Brian Eno Lux
For some, being a fan of Brian Eno is not always so easy. Across his […]
For some, being a fan of Brian Eno is not always so easy. Across his prolific and highly regarded career, the British musician, composer, producer, and artist has lent his unique touch and enlightened musical perspective to such an immense range of artistic endeavors that it is nearly impossible for anyone’s taste to align with them all. In the past two years, Eno has continued this legacy by taking up a residence of sorts with the legendary Warp label, releasing three records with the imprint prior to Lux which were—at least within the XLR8R realm—rather underwhelming efforts. Lux, however, bucks that trend. Formed from a piece originally conceived for the Great Gallery of the Palace of Venaria in Turin, Italy, the single, 75-minute composition is, conceptually speaking, Eno’s simplest work for Warp yet. That said, it’s also his most successful outing for the label thus far, as the combination of processed strings, guitar, and keys makes for an absolutely gorgeous listening experience.
In the liner notes which accompanied the formative Ambient 1: Music for Airports record in 1978, Eno set out to explain, and in some ways defend, his decision to pursue “ambient music” (particulary as opposed to Muzak), stating:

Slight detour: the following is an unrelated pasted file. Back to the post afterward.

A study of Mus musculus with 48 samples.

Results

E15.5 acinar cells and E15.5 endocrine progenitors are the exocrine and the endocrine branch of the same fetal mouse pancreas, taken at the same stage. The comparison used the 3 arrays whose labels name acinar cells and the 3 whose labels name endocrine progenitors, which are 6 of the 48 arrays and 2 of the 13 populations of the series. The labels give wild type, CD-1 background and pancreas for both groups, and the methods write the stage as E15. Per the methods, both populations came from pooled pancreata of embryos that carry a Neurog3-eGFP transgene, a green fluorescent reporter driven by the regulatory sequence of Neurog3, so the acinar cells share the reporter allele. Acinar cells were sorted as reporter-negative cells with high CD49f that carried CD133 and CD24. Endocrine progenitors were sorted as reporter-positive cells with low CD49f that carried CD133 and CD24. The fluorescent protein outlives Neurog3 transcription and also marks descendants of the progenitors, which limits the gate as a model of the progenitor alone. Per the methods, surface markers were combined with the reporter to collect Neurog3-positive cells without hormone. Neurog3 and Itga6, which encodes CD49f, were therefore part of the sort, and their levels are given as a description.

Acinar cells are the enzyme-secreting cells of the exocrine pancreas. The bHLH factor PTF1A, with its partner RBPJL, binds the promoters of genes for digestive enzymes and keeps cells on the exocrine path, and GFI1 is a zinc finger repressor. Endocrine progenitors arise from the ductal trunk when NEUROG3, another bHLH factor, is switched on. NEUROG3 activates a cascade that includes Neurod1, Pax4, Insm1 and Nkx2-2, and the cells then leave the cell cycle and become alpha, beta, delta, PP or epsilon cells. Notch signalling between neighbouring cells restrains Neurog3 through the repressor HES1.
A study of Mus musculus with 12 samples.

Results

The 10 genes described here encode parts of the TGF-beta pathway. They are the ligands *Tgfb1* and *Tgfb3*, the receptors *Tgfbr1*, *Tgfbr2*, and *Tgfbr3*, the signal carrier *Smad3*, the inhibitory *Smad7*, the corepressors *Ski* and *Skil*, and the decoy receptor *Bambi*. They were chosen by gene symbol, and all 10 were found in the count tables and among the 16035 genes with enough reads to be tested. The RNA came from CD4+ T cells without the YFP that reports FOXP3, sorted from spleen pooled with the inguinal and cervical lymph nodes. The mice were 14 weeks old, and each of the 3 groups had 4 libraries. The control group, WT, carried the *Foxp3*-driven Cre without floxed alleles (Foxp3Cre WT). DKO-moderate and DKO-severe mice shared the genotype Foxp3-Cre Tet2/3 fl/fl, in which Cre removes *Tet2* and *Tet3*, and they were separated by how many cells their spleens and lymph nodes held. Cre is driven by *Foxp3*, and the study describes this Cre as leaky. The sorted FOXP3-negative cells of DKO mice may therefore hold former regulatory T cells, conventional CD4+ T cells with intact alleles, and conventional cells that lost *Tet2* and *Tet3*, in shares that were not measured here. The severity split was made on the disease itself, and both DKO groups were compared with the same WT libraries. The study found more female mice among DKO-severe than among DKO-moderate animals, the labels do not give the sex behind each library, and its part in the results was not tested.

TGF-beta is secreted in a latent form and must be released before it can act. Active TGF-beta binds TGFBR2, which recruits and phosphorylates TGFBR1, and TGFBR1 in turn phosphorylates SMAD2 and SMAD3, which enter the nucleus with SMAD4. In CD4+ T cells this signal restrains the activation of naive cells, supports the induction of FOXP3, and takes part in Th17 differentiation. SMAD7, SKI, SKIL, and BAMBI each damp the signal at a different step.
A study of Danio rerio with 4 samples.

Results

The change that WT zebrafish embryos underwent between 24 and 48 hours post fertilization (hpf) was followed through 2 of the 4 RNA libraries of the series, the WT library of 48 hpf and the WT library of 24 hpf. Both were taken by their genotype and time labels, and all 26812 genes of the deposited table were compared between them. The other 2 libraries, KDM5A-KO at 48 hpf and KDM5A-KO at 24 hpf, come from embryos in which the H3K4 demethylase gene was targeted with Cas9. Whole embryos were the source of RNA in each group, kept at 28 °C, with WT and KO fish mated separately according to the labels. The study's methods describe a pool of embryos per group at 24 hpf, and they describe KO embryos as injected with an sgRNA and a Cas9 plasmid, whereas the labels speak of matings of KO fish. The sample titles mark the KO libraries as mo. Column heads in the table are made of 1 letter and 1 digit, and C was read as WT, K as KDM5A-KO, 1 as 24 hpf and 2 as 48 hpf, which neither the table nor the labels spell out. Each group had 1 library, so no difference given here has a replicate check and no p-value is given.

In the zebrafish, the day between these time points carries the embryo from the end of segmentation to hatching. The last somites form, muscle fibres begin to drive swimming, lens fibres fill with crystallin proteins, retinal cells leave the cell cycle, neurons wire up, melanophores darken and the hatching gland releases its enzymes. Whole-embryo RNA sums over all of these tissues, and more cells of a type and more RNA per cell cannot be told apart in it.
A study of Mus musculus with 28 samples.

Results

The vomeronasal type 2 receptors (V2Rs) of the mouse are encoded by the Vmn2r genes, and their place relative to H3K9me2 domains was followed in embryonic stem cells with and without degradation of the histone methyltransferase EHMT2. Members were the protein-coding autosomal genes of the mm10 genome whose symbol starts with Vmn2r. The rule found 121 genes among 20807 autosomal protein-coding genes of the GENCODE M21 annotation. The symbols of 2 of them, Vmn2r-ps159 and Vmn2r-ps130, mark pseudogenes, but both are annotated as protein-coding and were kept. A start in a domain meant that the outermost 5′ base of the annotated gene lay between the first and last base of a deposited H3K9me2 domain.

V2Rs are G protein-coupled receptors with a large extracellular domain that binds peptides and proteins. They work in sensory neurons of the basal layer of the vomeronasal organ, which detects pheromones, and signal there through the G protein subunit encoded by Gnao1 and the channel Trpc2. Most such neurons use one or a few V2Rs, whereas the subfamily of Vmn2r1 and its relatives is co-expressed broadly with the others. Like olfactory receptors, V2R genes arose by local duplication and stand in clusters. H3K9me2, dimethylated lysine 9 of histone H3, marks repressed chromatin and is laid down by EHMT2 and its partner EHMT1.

“Whereas the extant canned music companies proceed from the basis of regularizing environments by blanketing their acoustic and atmospheric idiosyncrasies, Ambient Music is intended to enhance these. Whereas conventional background music is produced by stripping away all sense of doubt and uncertainty (and thus all genuine interest) from the music, Ambient Music retains these qualities. And whereas their intention is to ‘brighten’ the environment by adding stimulus to it… Ambient Music is intended to induce calm and a space to think.”
On Lux, these principles appear to still be at the foundation of Eno’s ambient constructions, and when one considers the setting this music was originally intended for—an immaculate space where classic European architecture meets an abundance of natural light—it’s no wonder that a pristine combination of overlayed strings, hesitant guitar, and lush piano were chosen to reflect the elegant surroundings.
Although at times we may forget, it is still safe to say that Eno is nothing short of a master when it comes to the subtle and sophisticated art of crafting ambient music. Lux is just the latest documentation to support this claim; its gradual movement is tranquil but not boring, its sound intriguing but not commanding. The specifics and details of the work are largely unimportant to its experience; the composite of elements and the cluster of inviting tones they form are what make this somewhat challenging piece (it is, after all, one continuous, 75-minute idea) such an enjoyable listen. Whether the audience chooses to give the composition its full attention or simply uses Lux as an aid to any number of activities (it seems an appropriate soundtrack for moments of contemplation, creation, or even rest), the record accomplishes what Eno has proposed is ambient music’s main purpose: to heighten one’s sense of their surroundings while allowing their own narrative to fill the music with meaning and context.